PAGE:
Over the weekend, Coptic Christians all over the world mourned the death of their Church’s leader, known as Shenouda III, Pope of Alexandria. Many in the West would be surprised to learn of the existence of a parallel pope, recognized by his followers to hold the same supreme status ascribed by Catholics to the Pope residing in the Vatican. What is most interesting about this church, however, is that it is centered in one of the world’s most populous Arab countries: Egypt.
One thing that I have emphasized throughout the entries in this column, yet still seems to surprise or be ignored by many, is the religious and ethnic diversity found within the Middle East. At its best, this has lead to expressions of tolerance and even cosmopolitanism; at its worst, it has caused sectarian violence, hatred, and killing.
In Egypt, history has shown both, and over a fairly short time scale. Pope Shenouda was known as an advocate for religious harmony, even going so far as to stand with Muslims during the scandal of Pope Benedict’s remarks on Islam, and inviting Muslim clerics to celebrate Orthodox Christmas in the Coptic Cathedral with him this year (his invitation was accepted). To be sure, there have been incidents of violence, including attacks on churches as well as rioting that resulted in the massacre of around 23 Copts in 2000, and there has long been the political and social tension that sometimes manifests within minority groups. But for the most part, it seems that the level of violence we now see on a regular basis is much higher than than what the status quo seemed to be for many years.
Certainly, the obvious connection to be drawn from the increasing number of incidents is to the increasing desperation of the impoverished populace and increasing radicalization of fundamentalist Muslims in the country. Both of these conditions were not inevitable, but were the result of economic and political policies that increased inequality and eradicated all opposition but the most extremist bogeymen. This raises the possibility that neither the ethnic tension nor violence was inevitable.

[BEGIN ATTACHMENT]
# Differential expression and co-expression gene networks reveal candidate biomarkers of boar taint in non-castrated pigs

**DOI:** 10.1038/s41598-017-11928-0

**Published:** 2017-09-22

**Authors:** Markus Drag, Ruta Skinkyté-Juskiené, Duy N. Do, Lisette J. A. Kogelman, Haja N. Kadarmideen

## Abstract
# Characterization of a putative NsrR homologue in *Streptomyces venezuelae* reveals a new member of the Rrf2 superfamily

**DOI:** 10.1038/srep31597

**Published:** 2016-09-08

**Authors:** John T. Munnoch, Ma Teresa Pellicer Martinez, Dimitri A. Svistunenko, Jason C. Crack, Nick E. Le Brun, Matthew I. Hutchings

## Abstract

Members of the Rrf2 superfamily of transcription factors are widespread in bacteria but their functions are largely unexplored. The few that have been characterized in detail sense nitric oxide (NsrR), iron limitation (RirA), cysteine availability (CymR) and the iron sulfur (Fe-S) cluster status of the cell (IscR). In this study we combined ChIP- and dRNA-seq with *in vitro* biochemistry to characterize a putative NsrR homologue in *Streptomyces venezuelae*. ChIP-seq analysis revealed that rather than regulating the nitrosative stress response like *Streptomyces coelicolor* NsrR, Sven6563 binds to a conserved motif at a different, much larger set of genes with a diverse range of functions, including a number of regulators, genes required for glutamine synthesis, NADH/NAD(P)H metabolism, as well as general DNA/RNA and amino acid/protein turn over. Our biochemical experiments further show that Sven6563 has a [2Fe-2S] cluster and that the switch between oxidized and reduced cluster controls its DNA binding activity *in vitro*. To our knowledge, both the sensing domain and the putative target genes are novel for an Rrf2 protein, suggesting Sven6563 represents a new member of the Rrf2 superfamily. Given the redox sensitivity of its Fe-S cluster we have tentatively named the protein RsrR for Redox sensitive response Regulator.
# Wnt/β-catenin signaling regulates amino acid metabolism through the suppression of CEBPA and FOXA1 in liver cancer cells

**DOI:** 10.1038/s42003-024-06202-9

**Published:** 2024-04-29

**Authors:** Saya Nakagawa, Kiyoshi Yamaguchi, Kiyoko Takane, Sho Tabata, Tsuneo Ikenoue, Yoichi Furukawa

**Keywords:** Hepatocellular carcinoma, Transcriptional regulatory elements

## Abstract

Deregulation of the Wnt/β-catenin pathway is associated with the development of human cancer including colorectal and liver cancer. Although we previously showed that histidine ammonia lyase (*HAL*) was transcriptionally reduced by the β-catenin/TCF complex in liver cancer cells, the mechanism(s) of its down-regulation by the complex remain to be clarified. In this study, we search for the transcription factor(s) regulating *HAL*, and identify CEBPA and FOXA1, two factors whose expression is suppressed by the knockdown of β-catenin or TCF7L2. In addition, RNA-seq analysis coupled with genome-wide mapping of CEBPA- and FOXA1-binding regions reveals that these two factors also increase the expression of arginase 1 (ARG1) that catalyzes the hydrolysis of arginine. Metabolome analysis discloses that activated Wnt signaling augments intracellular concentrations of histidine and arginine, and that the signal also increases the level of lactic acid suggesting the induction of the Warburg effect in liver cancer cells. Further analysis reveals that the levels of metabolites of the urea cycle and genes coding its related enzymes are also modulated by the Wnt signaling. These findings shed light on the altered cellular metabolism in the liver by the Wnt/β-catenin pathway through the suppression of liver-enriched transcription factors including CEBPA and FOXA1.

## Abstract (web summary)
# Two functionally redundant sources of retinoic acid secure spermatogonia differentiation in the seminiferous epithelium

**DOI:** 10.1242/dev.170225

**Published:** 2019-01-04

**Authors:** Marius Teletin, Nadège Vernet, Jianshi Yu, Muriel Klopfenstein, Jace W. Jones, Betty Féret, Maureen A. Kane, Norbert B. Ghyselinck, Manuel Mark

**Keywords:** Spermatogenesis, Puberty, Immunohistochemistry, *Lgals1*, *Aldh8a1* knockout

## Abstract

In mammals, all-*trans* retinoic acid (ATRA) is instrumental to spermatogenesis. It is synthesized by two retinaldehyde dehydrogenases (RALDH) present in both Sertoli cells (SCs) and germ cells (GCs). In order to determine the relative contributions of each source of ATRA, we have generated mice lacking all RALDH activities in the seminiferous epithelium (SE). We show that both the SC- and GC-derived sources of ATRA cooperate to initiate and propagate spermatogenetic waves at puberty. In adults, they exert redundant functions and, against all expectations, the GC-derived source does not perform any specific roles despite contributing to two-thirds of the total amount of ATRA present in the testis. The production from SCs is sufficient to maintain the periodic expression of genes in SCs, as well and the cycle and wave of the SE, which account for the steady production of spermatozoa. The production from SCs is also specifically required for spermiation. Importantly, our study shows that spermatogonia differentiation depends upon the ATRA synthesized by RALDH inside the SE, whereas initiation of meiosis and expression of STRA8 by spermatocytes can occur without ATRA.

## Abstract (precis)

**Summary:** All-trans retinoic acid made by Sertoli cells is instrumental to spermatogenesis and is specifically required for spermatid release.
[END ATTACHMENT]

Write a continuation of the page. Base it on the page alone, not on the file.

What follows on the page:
The explosion of the fuse that was the sum of these conditions resulted in the Egyptian revolution, which may or may not have given birth to a future of democratic pluralism. The extent to which sectarianism can be conquered — not only in Egypt, but of course in Syria, which harbors many Christians, among them the only villages that still speak Jesus’ original Aramaic language, along with its Alawite, Druze, and majority Sunni populations, and more generally the greater Middle East – is very much an open question. The issue of sectarianism is everywhere: it is both within nations, as seen in Lebanon’s struggle to deal with the aftermath of the horrific Lebanese Civil War, as well as between nations, as manifested in the tension between the regional powers Iran and Saudi Arabia.
Many say that sectarianism is too powerful, too ingrained to be eradicated. I think that this view is overly pessimistic. In fact, there is no possibility to move forward without conquering it. The Middle East may (and likely will) face civil strife and even civil or international wars over political and economic causes exacerbated by sectarian strife, but there will come a point in which the only path forward is to shed those biases, The people of the Middle East will be forced to choose to conquer their sectarian history or not. It is my hope, and my expectation, that they will.